You can’t imagine actually playing in the Super Bowl, the NBA Finals, the World Series, or the Masters.
It’s unthinkable to believe you could really compete in the Daytona 500, or at Indy, or ride a thoroughbred in the Kentucky Derby.
Those are NOT public access, available-to-enter events. The American sports calendar slows to a crawl for them, along with bowl games, the BCS National Championship, the Final Four, and the U.S. Opens in golf and tennis.
The gateway to those Opens is ever-so-slightly accessible, assuming your game is elite and you can survive a series of sectional qualifying tournaments. A handful of “normal” people make it all the way through.
The Boston Marathon stands alone. Yes, there are qualifying standards, and yes, you’ve got to be a pretty strong distance runner to make it into the field. But THOUSANDS do it every April, and they did again Monday. Among the estimated 31,000 entrants, all are serious runners, but they are nearly all recreational athletes, running for the sheer joy of it.
They are convinced running 26 miles, 385 yards is fabulous. About a half-million people line the race route, cheering them on.
Those runners are people who shop for their shoes in the same stores you visit. They are probably a bit pickier about what they buy.
Monday, probably a half-dozen or so of your neighbors from Caddo and Bossier Parishes were there in Beantown, running the race of their dreams.
They all felt the same immense pride at reaching the qualifying standard in their age groups, then at being in a huge pack at the start (all 31,000 don’t start at once!), at conquering fabled Heartbreak Hill, and at crossing the finish line on Boylston Street in front of the Boston Public Library. Those joys are shared by the world’s best and the rest, thousands who come from not only across America, but from around the world for this race, this unique experience.
It is unfathomable to me. I sit here typing and spooning away at a DQ Blizzard. But as I was reading Teddy Allen’s Spotlight on young Hayden Slack’s first Boston Marathon, I thought of Frank Bright, who ran his 16th Monday.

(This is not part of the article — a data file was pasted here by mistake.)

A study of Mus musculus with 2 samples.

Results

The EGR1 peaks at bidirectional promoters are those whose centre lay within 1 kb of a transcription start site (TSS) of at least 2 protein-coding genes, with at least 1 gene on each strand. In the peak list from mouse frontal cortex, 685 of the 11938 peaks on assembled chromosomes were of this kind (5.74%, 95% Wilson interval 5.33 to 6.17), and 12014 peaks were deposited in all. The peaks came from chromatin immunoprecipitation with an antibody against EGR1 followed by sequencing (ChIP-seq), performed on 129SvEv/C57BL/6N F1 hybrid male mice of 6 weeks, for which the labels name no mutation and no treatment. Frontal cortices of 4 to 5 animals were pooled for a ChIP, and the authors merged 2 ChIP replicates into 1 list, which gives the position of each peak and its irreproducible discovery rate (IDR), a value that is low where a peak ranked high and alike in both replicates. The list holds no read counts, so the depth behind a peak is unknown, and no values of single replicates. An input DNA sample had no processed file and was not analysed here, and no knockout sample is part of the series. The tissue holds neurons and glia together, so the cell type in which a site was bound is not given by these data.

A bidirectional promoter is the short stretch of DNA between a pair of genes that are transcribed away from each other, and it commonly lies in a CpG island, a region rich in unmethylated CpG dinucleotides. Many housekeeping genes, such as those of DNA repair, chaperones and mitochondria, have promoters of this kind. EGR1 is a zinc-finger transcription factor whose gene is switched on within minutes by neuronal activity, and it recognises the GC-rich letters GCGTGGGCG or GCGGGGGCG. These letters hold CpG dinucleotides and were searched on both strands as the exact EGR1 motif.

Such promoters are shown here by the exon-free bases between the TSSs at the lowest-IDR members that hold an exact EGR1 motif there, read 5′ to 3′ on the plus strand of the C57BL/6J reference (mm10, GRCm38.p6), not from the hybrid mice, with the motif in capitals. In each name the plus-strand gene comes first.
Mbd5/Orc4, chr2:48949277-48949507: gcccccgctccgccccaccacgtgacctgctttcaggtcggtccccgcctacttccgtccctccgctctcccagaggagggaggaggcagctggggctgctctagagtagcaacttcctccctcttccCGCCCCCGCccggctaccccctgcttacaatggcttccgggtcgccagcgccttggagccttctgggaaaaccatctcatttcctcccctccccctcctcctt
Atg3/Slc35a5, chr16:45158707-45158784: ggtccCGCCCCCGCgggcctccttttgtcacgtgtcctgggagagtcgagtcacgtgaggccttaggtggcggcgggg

The 78-year-old retired Shreveport attorney took just over five hours to finish. He was 25th in his division, 13,447th among all male runners and 23,084th overall. He finished – again. He finished, a couple of years after a heart attack that he didn’t know he’d had until a checkup sometime afterward. Monday was his second Boston Marathon since he added three stents to his inventory.
Frank Bright took up running – a mile, not 26 of them – as a senior at Fair Park High School, and won the 1961 state championship four months later. He ran his first marathon at age 35, and now has over 60 under his belt.
I also thought of Mindy Stokes. She could have died there, in 2013, near the finish line, cheering for Victoria Willis, her former coaching pal on the Northwestern State Lady Demons basketball staff. Victoria crossed 10 minutes before the bomb exploded.
“I was 20 yards from the bombing site. God was looking out for me. Had Victoria stopped and walked, and a lot of them do, or had she been slower … “ she said.
When the evil erupted, Victoria and Mindy were two blocks away. They heard the blast.
Her husband, Dr. Marc Stokes, went to Boston a year later, taking his son Connor to a Red Sox game. He had to see where Mindy was standing. He had to give thanks for what didn’t turn his life upside down.
Both women have been back since, Victoria running, Mindy supporting.
“I didn’t go to the race at all. I met her after. I was hesitant to be in the crowd. I hate that it affected me that way, but it definitely did,” she said. “Victoria ran, and she did well, and she’s done it another time. Victoria is brave for running again. But she loves to run.”
That passion. It has hold of Frank Bright and his very, very small group of peers. It tugs at Victoria Willis and the others who ran in 2013. It is undeniable, and for many, unquenchable.
Whether on Heartbreak Hill, or along Clyde Fant Parkway, when they are running, they are beyond reason. They are obsessed. They are enthralled.
The fortunate few get to be in Boston, on a mid-April Monday, like Frank Bright, Victoria Willis, Hayden Slack, and maybe somebody down your street, someone you saw at the grocery store.
That is what sets the Boston Marathon apart.